I hope this April finds you well.
To begin with, it saddened me the other day to hear of the passing of Yevgeny Yevtushenko, one of the most talented postwar Russian poets. For anybody wanting to learn more about Yevtushenko, click here to read his Art of Poetry interview first published in the Paris Review. I’ve also included a link to a poem I really enjoy by him, titled We Should Be Stingier, here. The seemingly random imagery, ranging from space to oil cakes to sailor suits, is one of the things I enjoy most about poetry in general, the way that it connects things that could not be connected through other means. It is clear that Yevtushenko was skilled at making these connections.
In other news, I’ve had a recent stroke of luck in getting some poems published so my publications list has been updated accordingly. In general they are poems I am proud of, not merely surprise choices but strong ruminations that I have faith in. A couple can be found online so go right ahead and check them out!
One of these three, titled Amateur Cartography at the Bagel Shop, is my second publication with Vox Poetica. Since the editors behind this website have been most kind I wanted to take a moment to give them an extra word of thanks. Founded in 2009, they have been publishing an interesting stream of poetry since then in varying styles and I strongly suggest you check out their Today’s Words blog, which can be found here.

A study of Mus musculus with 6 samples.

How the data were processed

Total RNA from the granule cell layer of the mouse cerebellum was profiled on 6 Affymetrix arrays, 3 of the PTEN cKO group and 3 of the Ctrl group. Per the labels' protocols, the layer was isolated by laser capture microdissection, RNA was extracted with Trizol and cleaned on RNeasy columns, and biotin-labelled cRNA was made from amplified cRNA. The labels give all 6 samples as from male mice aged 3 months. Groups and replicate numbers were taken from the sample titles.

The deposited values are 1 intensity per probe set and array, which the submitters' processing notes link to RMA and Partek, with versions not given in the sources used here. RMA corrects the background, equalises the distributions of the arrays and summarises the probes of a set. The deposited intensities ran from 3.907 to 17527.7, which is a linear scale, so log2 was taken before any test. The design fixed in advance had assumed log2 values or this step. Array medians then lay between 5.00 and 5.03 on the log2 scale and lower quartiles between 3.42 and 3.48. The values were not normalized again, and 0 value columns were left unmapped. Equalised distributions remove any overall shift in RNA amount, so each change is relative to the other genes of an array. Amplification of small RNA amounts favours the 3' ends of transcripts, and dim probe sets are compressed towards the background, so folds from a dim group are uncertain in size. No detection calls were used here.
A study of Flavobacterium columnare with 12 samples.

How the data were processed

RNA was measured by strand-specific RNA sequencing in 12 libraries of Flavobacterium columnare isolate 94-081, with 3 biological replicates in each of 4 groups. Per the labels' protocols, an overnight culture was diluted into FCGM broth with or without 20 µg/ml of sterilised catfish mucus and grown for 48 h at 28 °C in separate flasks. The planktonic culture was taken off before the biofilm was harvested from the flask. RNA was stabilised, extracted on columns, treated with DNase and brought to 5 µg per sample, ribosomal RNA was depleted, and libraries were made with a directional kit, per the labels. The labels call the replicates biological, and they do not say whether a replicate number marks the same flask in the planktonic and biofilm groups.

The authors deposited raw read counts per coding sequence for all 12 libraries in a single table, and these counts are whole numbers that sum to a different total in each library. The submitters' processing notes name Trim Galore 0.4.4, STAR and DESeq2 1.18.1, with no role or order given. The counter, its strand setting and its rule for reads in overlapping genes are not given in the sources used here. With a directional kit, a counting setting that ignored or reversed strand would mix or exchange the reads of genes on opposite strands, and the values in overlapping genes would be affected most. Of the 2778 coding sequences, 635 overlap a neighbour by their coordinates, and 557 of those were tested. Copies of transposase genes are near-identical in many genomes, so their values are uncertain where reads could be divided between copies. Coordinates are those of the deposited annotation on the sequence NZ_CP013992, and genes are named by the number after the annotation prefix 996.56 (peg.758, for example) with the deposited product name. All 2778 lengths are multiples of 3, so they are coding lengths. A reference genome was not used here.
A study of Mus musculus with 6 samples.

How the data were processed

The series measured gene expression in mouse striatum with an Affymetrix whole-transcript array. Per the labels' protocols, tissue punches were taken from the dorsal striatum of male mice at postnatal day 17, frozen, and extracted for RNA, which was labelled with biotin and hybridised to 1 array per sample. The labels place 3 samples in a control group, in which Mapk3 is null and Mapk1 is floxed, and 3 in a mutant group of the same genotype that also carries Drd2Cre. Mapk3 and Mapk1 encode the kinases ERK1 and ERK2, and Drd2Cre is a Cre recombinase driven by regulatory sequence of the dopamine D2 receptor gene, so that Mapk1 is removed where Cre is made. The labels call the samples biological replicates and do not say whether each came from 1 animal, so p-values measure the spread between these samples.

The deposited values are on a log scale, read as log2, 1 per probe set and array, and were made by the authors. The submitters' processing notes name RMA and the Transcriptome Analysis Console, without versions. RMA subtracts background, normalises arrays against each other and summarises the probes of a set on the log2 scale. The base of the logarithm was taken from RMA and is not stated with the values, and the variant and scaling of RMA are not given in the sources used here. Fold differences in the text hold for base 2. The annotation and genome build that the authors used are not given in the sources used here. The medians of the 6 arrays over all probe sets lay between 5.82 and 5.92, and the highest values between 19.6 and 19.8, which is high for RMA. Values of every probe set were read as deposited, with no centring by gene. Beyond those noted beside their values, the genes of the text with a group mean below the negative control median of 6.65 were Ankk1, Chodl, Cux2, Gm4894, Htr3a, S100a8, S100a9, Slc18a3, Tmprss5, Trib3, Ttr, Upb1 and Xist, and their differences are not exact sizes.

In terms of the future: I am expecting three more poems to be published in the next month and a half in the magazine of my alma mater, the Paris/Atlantic, which means that I have passed the 15 poem mark. I have a couple more poems that I will publish here on this blog as well. Since I generally am fond of the affirmation that comes with traditional publishing, the poems I publish here are of two kinds: those that I have trouble finding a suitable magazine to publish them in, thematically speaking, and those that commemorate specific events. Since there aren’t many publishers that will publish a poem right away I have decided to simply publish them here. Though I haven’t decided yet, this might also include poems about other poets as they are a class of their own.
Also I plan on paying more attention to short story publications. During the next couple of weeks I am hoping to finish a second short story to try and publish. Stay tuned for more news on that.
Those who are looking for a book to read should check out Egon Hostovsky’s novel The Arsonist. It was published in the mid-1930’s and they have a prestigious prize named after Hostovsky in the Czech Republic now. Out of all the Czech novels I have read, The Arsonist is perhaps the most enjoyable.
That’s all for now. I wish all of you a pleasant April.